Big Pharma Catches Up With Biotech

By Anonymous

It was a great summer for big pharma stocks. Investors shouldn’t expect that trend to reverse this fall.

As has become routine, biotechnology stocks had a strong summer. A broad index of those stocks is up about 15% this year and is near a record. This time, however, major pharmaceutical companies are joining in the rally.

Pfizer , PFE 0.73% long one of the sleepier stocks in the Dow Jones Industrial Average, is up nearly 20% since the start of the summer. It, along with similar-sized rivals like Eli Lilly LLY 0.80% and Merck MRK 0.72% & Co, are trading near two-decade highs.

There are no obvious explanations for the sudden investor interest. While second-quarter earnings were strong across the sector, they were hardly memorable. No other events, such as new clinical-trial results or large-scale deal-making, explain the rally.

But the absence of a clear catalyst doesn’t mean that the sector is due for a reversal. Even after the rally, Pfizer and Merck trade at about 13 and 15 times forward earnings estimates, respectively, according to FactSet. That is still cheaper than the S&P 500, which fetches more than 17 times.

More important, it is hard to see any looming negatives that would lower earnings expectations.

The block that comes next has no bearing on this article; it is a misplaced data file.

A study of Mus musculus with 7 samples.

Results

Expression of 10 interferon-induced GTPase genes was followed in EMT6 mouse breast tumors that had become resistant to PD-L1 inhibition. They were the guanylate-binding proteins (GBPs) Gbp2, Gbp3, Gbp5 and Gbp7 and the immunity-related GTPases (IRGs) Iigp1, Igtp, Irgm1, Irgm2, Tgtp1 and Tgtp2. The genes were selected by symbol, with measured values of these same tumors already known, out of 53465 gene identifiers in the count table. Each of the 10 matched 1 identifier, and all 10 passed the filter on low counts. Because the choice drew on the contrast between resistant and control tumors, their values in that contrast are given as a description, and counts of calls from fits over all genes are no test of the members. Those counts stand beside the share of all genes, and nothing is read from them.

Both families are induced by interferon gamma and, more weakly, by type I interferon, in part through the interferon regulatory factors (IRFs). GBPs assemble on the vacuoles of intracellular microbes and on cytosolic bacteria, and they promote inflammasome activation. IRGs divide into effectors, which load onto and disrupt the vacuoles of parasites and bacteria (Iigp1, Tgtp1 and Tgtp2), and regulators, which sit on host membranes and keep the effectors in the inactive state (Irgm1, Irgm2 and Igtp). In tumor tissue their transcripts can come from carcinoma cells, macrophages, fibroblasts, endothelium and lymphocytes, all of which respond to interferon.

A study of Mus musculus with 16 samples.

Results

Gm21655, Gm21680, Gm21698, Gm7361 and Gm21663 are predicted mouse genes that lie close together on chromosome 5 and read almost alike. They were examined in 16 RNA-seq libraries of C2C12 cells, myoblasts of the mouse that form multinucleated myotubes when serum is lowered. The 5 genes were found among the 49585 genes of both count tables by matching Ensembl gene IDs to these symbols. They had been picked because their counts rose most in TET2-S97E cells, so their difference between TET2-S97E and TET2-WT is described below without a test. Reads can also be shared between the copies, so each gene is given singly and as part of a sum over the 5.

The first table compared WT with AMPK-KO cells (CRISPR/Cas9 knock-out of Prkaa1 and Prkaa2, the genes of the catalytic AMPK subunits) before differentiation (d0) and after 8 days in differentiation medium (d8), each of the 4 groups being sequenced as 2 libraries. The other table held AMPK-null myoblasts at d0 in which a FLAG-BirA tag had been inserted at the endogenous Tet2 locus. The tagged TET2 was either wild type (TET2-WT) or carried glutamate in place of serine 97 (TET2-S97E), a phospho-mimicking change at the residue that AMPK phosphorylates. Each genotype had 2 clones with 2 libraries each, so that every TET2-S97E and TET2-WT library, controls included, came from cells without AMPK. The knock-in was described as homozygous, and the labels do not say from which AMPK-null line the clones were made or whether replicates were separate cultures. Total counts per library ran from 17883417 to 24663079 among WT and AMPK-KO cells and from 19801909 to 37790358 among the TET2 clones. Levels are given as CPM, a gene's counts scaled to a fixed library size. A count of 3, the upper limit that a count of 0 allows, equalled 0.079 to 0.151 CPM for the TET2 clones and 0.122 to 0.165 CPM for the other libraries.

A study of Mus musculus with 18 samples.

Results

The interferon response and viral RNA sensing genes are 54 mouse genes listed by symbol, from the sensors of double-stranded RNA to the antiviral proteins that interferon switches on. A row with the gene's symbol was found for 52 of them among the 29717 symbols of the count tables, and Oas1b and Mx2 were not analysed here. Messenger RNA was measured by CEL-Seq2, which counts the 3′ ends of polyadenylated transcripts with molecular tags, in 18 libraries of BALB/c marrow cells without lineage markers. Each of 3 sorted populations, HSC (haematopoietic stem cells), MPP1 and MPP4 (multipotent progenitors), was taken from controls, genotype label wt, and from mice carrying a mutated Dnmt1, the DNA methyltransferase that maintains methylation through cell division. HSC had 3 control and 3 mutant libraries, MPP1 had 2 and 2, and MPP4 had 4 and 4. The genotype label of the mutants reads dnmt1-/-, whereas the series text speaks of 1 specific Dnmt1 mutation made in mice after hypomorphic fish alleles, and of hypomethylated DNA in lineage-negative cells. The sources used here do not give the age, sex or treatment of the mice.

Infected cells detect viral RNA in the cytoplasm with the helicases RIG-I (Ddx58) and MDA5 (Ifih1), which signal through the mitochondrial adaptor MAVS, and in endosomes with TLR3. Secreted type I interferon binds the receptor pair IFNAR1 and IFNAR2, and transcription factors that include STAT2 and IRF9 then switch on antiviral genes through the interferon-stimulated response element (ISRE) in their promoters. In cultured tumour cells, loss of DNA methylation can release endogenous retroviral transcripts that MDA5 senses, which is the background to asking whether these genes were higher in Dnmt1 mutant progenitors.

While the Trump administration continues to roll out its plan to reduce drug prices, the administration has focused primarily on middlemen such as pharmacy-benefit managers instead of manufacturers. Those policies aimed at pharma are more subtle than investors had feared. For instance, the Centers for Medicare and Medicaid Services announced last week that it will give Medicare insurance plans more flexibility in deciding whether to reimburse for drugs approved to treat multiple diseases starting in 2020. That has the potential to affect sales of certain blockbuster drugs and could damage share prices of smaller companies.

But fears of wholesale price controls, which torpedoed the sector ahead of the 2016 election, have faded away. Midterm elections in November seem unlikely to alter that picture.

Given that backdrop, pharma stocks would have to go much higher before investors should worry about any potential negative side effects.